Huawei's Ren Zhengfei made the comments at the 50th annual World Economic Forum (WEF) in Davos, Switzerland during a panel discussion which raised questions on the developments of technologies as dynamics between global powers shifted.
“This year the U.S. might further escalate their campaign against Huawei, but I feel the impact on Huawei’s business would not be very significant,” Ren said at the World Economic Forum in Davos, Switzerland.
He added that Washington was "over-concerned" with Huawei and that world powers would gain more by working jointly to study artificial intelligence in depth to "benefit society".
— Huawei (@Huawei) January 21, 2020
The US government had not figured out the "implications of AI" just as the Chinese, and both should invest further in "basic education and research", Ren said.
Ren told his audience: "If you look at the education system in China, it's pretty much the same system designed for the industrial age [and] to develop engineers, therefore I think that AI cannot grow very rapidly in China.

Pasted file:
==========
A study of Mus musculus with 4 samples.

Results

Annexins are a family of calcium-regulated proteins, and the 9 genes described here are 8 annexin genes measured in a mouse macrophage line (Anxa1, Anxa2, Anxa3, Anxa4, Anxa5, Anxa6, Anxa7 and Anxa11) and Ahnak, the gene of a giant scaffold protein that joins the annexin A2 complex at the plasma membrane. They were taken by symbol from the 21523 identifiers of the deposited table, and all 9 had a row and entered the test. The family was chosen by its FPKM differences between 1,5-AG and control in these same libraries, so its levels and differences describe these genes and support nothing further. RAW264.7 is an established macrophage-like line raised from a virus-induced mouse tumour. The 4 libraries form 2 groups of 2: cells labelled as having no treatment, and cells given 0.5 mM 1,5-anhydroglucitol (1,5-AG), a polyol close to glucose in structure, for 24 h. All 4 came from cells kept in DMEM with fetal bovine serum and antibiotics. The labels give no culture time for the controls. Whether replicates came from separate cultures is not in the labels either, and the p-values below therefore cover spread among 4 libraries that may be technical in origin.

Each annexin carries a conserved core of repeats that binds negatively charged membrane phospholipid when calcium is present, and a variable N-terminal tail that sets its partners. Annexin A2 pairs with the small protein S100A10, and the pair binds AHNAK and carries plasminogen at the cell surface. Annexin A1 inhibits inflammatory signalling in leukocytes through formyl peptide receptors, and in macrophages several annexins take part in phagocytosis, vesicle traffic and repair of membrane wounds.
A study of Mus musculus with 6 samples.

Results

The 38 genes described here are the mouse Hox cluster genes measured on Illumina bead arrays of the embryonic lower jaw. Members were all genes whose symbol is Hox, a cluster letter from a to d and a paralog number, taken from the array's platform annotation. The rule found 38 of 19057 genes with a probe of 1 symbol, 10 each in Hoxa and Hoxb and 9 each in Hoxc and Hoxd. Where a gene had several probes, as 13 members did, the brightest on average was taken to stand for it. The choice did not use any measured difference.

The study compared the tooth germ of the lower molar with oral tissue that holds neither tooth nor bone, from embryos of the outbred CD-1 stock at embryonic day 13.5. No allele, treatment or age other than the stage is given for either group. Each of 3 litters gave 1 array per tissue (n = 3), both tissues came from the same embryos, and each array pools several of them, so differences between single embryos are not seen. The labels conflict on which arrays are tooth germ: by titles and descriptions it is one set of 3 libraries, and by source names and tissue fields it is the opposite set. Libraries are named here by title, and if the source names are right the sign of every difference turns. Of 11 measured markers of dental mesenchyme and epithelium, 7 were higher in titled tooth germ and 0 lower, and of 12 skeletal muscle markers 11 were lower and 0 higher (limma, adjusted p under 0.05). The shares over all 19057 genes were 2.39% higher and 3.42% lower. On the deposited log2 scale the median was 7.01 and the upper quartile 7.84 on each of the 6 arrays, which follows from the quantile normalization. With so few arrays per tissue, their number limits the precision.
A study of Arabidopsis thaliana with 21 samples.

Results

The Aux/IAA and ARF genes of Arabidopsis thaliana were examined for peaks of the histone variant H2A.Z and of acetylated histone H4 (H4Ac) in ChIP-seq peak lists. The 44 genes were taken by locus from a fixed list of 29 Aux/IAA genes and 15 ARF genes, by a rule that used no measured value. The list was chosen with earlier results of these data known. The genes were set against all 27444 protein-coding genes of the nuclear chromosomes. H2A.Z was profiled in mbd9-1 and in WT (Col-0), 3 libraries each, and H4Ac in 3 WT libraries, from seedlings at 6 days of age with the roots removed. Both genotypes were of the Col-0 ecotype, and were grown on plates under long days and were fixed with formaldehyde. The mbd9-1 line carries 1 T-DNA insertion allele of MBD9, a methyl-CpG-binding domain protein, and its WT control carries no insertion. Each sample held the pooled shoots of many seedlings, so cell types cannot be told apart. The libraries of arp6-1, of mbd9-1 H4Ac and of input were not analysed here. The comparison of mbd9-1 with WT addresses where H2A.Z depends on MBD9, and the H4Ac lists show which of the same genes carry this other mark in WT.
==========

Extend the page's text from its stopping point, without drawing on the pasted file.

Ren Zhenfei added that AI required a lot of mathematicians, supercomputers, super-connectivity and massive storage systems to be successful.
The Huawei founder continued, stating that if others were better than those in the US, "they may not be comfortable", despite trends not indicating so.
Ren concluded: "I think that for the entire humanity, we should do serious studies on AI, and how to use [it] to benefit society.
Huawei employees had "gained experience from last year" and had a "stronger team", he said, adding that the Chinese tech giant was "more confident" it could survive further attacks, the company's chief official added.
The news comes after placed the Chinese tech giant on an entities list in May last year, citing concerns that the Chinese government could use the company's IT equipment to spy on businesses, which both Huawei and Beijing have repeatedly and sharply denied. Washington has also tried to pressure allies such as Germany, France, the UK and others not to allow Huawei to build national 5G networks, and plans to introduce further measures aimed at blocking foreign supplies, Reuters said in early January, citing anonymous sources.
Huawei has begun building its own software ecosystems in response, including its proprietary HarmonyOS operating system and Huawei Mobile Services in a bid to reduce dependency on US technologies. The tech behemoth also struck a deal with Dutch navigation tech company TomTom on Monday and plans to use its mobile services platform to promote app development globally and deepen investment with participating nations.